Published on August 2nd, 2020 |
by Zachary Shahan

August 2nd, 2020 by Zachary Shahan 

While different electric vehicles may be #1 in different markets (the Renault Zoe in France, the Audi e-tron in Norway, the VW e-Golf in Germany), globally, there is no question which electric vehicle is the most popular. According to recently compiled data from EV Volumes, the Tesla Model 3 had nearly as many sales in the first half of 2020 as the 2nd best selling, 3rd best selling, 4th best selling, 5th best selling, 6th best selling, and 7th best selling plugin vehicles combined.

The combination of the Tesla Model 3’s tech, price, performance, specs, practicality, charging capability, and consumer awareness of the car make it a compelling vehicle across the globe. For more insight into why the Model 3 is so popular, I recommend reading our Tesla Model 3 long-term review articles. We also have a budding long-term review of the #2 Renault Zoe and long-term review articles of the #3 Nissan LEAF that you may find interesting.

Notably, there are actually many markets where the Model 3 still isn’t sold and buyers are waiting for a Tesla store/delivery center to open up in order to buy one. So, sales of the Model 3 could be significantly higher in time.

Tesla Model Y (blue) and Tesla Model 3 (white) at a Supercharger in Florida. Photo by Zach Shahan/CleanTechnica.

The one somewhat hidden caveat here, though, is that the Tesla Model Y may already be outselling the Model 3, and that crossover/SUV version of the Model 3 already made it to #14 on the list. At the moment, one of Tesla’s challenges is ramping up production of both models, and in Tesla’s Fremont factory — the only place where the Model Y is currently being built and one of two places where the Model 3 is being built — the two models are sharing overall production capacity and some of the production lines. So, sales are more or less just based on what Tesla decides to prioritize.

In percentage terms, the Model 3 had 15% of plugin vehicle sales in the first half of 2020, followed by the Renault Zoe (almost exclusively sold in Europe) at 4%, the Nissan LEAF at 3%, and the Volkswagen e-Golf, BYD Qin Pro EV, BMW 530e/Le, Hyundai Kona EV, Mitsubishi Outlander PHEV, Audi e-tron, Volkswagen Passat GTE, and GAC Aion S at 2% each.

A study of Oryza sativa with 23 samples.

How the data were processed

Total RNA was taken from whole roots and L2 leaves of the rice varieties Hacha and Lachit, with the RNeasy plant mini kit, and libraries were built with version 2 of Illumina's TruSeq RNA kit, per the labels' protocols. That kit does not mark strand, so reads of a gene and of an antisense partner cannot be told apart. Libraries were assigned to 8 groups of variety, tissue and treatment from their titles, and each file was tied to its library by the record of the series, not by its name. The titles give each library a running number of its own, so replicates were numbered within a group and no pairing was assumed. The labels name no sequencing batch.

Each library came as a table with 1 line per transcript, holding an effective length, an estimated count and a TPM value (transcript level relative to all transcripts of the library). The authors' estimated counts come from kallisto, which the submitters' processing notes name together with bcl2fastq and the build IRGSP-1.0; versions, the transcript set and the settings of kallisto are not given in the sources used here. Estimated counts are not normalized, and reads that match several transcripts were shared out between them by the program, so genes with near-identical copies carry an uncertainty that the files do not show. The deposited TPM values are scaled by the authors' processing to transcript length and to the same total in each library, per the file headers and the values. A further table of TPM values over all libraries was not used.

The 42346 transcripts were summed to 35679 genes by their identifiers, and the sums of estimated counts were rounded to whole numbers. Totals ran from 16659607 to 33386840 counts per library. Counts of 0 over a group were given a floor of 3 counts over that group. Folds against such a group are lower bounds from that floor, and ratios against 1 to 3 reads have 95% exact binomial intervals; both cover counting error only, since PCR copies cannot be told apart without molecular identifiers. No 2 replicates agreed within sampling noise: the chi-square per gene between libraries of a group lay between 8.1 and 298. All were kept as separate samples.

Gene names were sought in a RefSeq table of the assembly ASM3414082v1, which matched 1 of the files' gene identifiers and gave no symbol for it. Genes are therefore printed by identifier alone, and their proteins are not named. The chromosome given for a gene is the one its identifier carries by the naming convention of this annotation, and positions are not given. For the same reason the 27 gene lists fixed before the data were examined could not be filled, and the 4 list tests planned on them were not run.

One of the interesting things here is that the three models that follow the Model 3 to round out the top four are each a bit cheaper than the Model 3 and have moderate range, not nearly what the Model 3 offers. Imagine when models that are priced $25,000–30,000 have as much range as a Model 3!

NIO ES6, by CleanTechnica.

There were a few model surprises for me on the list. As already noted, it was surprising to see the Model Y already climbing the ranks. I was also impressed by the sales of the NIO ES6, which came in at #19. I think the decent sales so far this year offer good potential for NIO’s vehicles as production capacity grows and as consumer awareness increases sales. I was surprised to see the Chevy Bolt make it onto the top 20 list.

One of the strengths of the plugin vehicle market right now is its diversity. Overall, 51% of sales came from models not on the top 20 list. That’s good. Diversity is beneficial to a market.

One final highlight was seeing how dominant fully electric vehicles are amongst the top 20. Only three plugin hybrid vehicles made it into the top 20.

What are the most interesting findings or highlights about this global top 20 ranking for you?

Want to buy a Tesla Model 3, Y, S, or X? Feel free to use my referral code to get some free Supercharging miles with your purchase:

You can also get a $100 discount on Tesla solar with that code.

Have a tip for CleanTechnica? Send us an email: [email protected]


Latest Cleantech Talk Episodes

Latest CleanTechnica.TV Episode

Tags: audi e-tron, BAIC, BAIC EU-Series, bmw 530e, BYD, BYD Qin Pro EV, Chevy Bolt, EV sales, GAC Aion 6, Hyundai Kona EV, Kia Niro EV, MG eZS EV, MG ZS EV, Mitsubishi Outlander PHEV, NIO ES6, Nissan Leaf, Peugeot e-208, renault zoe, SAIC, SAIC Baojun E-Series, SAIC MG eZS EV, Tesla, Tesla Model 3, Tesla Model X, Tesla Model Y, volkswagen, Volkswagen e-Golf, Volkswagen Passat GTE

About the Author

Zachary Shahan is tryin’ to help society help itself one word at a time. He spends most of his time here on CleanTechnica as its director, chief editor, and CEO. Zach is recognized globally as an electric vehicle, solar energy, and energy storage expert. He has presented about cleantech at conferences in India, the UAE, Ukraine, Poland, Germany, the Netherlands, the USA, Canada, and Curaçao.

Zach has long-term investments in Tesla [TSLA] — after years of covering solar and EVs, he simply has a lot of faith in this company and feels like it is a good cleantech company to invest in. But he does not offer (explicitly or implicitly) investment advice of any sort on Tesla or any other company.